Swine flu grew stronger under health dept's nose | punjab | Hindustan Times
Today in New Delhi, India
Apr 24, 2017-Monday
New Delhi
  • Humidity
  • Wind

Swine flu grew stronger under health dept's nose

punjab Updated: Feb 19, 2015 00:15 IST
Nitindra Bandyopadhyay
Swine flu


As swine flu broke out after 2009 during this prolonged winter, the state health department was caught off guard.A study published in the journal Lancet-Respiratory Medicine in 2014 point to the evidence that Tamiflu is only 25% effective against the H1N1 virus, and anti-viral treatment initiated within 48 hours of developing the symptoms halved the risk of death, as compared with late treatment. However, of the 10 patients who tested positive in the district, six died, and even though the deaths had a pattern, the health department missed it.

Similar deaths reported from the other parts of the state indicate the shortage of equipment for fighting the disease. The first victim in the district was Sandeep Kumar of Nakodar. His wife, Pammi, said he had beem moved to the Nakodar Civil Hoapital first and then NIMS, Jalandhar. Doctors referred him to Dayanand Medical College, Ludhiana, where on January 30, his swab samples were collected for testing.

Sandeep died on January 31 and the samples tested positive the next day. The doctors, thus, missed the 48-hour window in which his life could have been saved. The health department also failed to launch an awareness programme until the sixth death in the state.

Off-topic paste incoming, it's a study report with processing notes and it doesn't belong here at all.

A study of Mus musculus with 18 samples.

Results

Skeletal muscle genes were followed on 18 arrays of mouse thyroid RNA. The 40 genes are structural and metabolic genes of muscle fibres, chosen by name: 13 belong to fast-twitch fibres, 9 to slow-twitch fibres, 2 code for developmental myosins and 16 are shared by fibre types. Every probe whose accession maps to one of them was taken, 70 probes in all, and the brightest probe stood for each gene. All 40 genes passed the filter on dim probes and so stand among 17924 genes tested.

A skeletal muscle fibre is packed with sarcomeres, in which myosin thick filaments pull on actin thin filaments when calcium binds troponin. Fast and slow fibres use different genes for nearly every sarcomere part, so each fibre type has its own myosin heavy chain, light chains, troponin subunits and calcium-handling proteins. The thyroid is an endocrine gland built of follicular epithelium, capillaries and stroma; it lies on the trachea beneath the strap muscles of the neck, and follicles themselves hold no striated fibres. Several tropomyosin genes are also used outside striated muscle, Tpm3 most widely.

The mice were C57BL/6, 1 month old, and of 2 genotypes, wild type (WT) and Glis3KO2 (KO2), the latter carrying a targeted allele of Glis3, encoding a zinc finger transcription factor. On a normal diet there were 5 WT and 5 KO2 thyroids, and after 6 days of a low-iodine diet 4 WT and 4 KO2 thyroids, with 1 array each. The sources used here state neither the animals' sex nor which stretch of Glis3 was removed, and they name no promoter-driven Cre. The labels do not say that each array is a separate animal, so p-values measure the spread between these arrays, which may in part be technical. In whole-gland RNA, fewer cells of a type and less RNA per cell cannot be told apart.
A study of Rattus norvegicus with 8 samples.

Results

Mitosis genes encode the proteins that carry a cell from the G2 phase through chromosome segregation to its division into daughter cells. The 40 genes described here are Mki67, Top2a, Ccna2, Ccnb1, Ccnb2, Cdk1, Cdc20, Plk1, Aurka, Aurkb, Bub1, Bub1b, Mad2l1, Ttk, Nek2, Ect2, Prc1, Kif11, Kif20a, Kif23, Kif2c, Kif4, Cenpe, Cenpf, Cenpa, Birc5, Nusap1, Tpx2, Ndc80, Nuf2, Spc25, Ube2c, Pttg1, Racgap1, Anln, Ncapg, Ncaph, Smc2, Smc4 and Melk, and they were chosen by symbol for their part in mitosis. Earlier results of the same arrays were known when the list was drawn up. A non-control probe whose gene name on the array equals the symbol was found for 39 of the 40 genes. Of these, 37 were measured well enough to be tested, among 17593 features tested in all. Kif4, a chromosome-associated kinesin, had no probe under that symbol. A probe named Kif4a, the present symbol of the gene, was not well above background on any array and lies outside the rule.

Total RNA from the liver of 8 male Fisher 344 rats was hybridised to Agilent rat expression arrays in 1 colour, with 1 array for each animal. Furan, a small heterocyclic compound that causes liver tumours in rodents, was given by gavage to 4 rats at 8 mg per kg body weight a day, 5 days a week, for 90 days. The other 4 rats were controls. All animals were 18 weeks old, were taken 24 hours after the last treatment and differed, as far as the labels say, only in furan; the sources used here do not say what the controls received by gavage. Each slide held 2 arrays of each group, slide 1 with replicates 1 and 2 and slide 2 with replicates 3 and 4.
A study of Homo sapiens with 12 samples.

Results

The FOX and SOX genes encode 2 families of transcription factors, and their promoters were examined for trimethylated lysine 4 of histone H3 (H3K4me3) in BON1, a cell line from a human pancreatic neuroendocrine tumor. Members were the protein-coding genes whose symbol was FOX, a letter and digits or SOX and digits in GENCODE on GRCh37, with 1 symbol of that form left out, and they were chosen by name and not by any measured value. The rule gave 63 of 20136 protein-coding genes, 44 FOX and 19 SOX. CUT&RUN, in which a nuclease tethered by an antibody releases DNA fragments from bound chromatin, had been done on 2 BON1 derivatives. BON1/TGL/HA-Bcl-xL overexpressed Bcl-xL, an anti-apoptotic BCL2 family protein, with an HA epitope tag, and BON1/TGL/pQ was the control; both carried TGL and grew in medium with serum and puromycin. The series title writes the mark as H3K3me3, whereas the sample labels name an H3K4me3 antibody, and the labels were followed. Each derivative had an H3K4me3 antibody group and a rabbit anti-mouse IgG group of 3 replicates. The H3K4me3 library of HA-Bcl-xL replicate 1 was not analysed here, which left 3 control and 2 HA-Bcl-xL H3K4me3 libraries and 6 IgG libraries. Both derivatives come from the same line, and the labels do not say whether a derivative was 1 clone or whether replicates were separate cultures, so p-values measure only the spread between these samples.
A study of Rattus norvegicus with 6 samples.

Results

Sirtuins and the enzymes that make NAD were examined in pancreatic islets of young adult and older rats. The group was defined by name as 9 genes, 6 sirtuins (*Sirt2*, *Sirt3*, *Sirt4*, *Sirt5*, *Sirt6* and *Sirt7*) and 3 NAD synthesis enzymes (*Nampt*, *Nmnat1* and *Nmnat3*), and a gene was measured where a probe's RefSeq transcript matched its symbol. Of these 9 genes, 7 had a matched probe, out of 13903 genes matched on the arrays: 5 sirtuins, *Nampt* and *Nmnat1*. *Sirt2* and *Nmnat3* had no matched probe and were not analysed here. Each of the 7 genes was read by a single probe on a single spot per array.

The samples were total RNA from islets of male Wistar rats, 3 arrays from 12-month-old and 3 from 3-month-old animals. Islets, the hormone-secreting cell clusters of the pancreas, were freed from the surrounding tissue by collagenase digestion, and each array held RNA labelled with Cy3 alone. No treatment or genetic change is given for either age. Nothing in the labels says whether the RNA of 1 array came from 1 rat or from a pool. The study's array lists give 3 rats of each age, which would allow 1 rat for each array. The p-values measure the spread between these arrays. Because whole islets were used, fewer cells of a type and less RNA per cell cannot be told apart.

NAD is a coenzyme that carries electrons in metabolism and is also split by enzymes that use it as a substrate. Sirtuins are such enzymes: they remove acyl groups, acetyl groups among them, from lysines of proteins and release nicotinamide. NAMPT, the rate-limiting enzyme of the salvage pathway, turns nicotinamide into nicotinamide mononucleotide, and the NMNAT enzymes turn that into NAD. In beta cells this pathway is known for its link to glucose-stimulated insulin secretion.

On February 5, Charan Kaur of Lohian Khas became second to die in the district. She had been moved to Patel Hospital on February 2, and by then, the health department had not put the Government of India guideline into action to start the first line of treatment immediately on spotting flu-like symptoms.

Charan Kaur's positive-test report arrived at Patel Hospital on February 4, 48 hours after her admission. The anti-viral treatment initiated then came too late, and she died the day after. "Even the WHO (World Health Organisation) has guided doctors to respond quickly with swine flu treatment on spotting chest infection," said civil surgeon Dr RL Bassanl.

In all this hullaballoo, the families of the patients continued to claim delay in treatment and admission. Data released from the Integrated Disease Surveillance Project department on Wednesday suggested that of the six victims, five had died after 48 hours of admission. All except Gurdeep Singh (70) were below 55.